Days ago, a candidate for Erie County sheriff publicly listed the law enforcement personnel who support her candidacy.
That’s when the Erie County district attorney saw red.
Some of the people work for his office as criminal investigators.
“No one in my office is allowed to endorse anyone,” John J. Flynn later told reporters. “We do not get involved in politics in this office.”
Despite his ban on political endorsements, three of his employees were among the people Karen Healy-Case said want her to be the next sheriff of upstate New York’s largest county.
“It is an honor to have the endorsement of these incredible law enforcement officers who share my commitment to keeping Erie County citizens safe,” Healy-Case said in a news release naming 50 current and former law enforcement officers in her corner.
The list included Lou Roberto, Mark Stambach and Pam Harris, some of Flynn’s criminal investigators. Like Healy-Case, they were once with the Buffalo Police Department.
On Thursday, Flynn learned about the list minutes before he spoke at a news conference called to announce that a grand jury did not indict the two Buffalo police officers charged in the world-famous shove of a protester last summer in Niagara Square.
Before the end of the news conference, he addressed the endorsements.
“The sheriff's race is going to be a major source of contention,” he said, mentioning no candidate by name. “I’m nipping it in the bud right now, OK? Keep my people off your list. Keep my people's names out of your campaigns, or you're going to have a problem with me.”
When The News caught up with him Saturday, Flynn said he talked to his three employees to repeat his policy, and the three expressed surprise that Healy-Case named them in her news release.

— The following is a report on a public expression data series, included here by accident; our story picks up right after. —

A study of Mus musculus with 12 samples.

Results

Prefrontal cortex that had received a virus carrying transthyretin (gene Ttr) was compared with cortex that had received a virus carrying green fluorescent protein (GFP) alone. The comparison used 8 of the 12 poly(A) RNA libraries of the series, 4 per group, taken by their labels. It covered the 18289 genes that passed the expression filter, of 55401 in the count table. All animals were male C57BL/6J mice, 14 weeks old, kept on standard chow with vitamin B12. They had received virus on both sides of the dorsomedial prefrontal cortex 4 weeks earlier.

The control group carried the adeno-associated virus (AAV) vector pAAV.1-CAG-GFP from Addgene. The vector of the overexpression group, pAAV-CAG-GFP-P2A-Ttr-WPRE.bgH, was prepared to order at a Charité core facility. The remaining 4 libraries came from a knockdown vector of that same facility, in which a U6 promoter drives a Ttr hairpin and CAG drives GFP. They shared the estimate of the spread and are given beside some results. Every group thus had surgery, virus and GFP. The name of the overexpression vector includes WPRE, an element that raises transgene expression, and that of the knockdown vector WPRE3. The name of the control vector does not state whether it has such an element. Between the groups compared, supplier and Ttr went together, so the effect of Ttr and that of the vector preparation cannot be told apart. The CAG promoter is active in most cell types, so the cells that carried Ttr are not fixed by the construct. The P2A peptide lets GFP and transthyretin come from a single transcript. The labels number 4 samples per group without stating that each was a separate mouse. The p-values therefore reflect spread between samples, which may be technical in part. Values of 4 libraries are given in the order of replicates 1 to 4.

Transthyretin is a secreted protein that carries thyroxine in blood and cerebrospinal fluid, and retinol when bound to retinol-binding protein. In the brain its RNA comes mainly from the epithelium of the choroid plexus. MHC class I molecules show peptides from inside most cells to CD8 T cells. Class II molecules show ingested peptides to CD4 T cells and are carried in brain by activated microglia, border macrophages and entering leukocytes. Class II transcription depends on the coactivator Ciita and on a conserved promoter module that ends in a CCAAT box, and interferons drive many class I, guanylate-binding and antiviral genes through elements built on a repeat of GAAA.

Healy-Case is a Republican who, as of last week, had seized the endorsement of the small but important Conservative Party. On Saturday, the county Republican Party followed the Conservatives’ lead and endorsed her as well.
Flynn, a Democrat, said he’s not drawing the line now out of concern for his own party. He said he, too, has accepted the Republican and Conservative endorsements in his own campaigns.
He has taken similar stands before, he explained. When he first ran for district attorney in 2016, he prohibited any office employee from contributing to his campaign fund. District attorneys of the past would often lean on their employees, who can be fired at any time, for cash.
He does not bar employees from donating to political campaigns, but he wants no employee to publicly endorse a candidate, unless they are running for the office themselves. That came into play in 2020. One of his prosecutors, Matthew Szalkowski, ran unsuccessfully as a Republican for the State Assembly.
The Healy-Case campaign did not post the list of police-officer endorsements on its Facebook page or its campaign website. In a statement about Flynn’s comments, a campaign spokesman sidestepped the question of whether Healy-Case still counts Flynn’s investigators among the law enforcement personnel endorsing her. “We are proud of every law enforcement endorsement,” he said.
A crowded field has emerged to replace Timothy B. Howard, the Republican sheriff since 2005 who has said he will not run again. Howard over the years has faced lawsuits from the U.S. Department of Justice, which sought to bring more humane conditions to the county Holding Center and the Correctional Facility, and the Commission of Correction, which once labeled the jails he oversees as among the state’s worst run.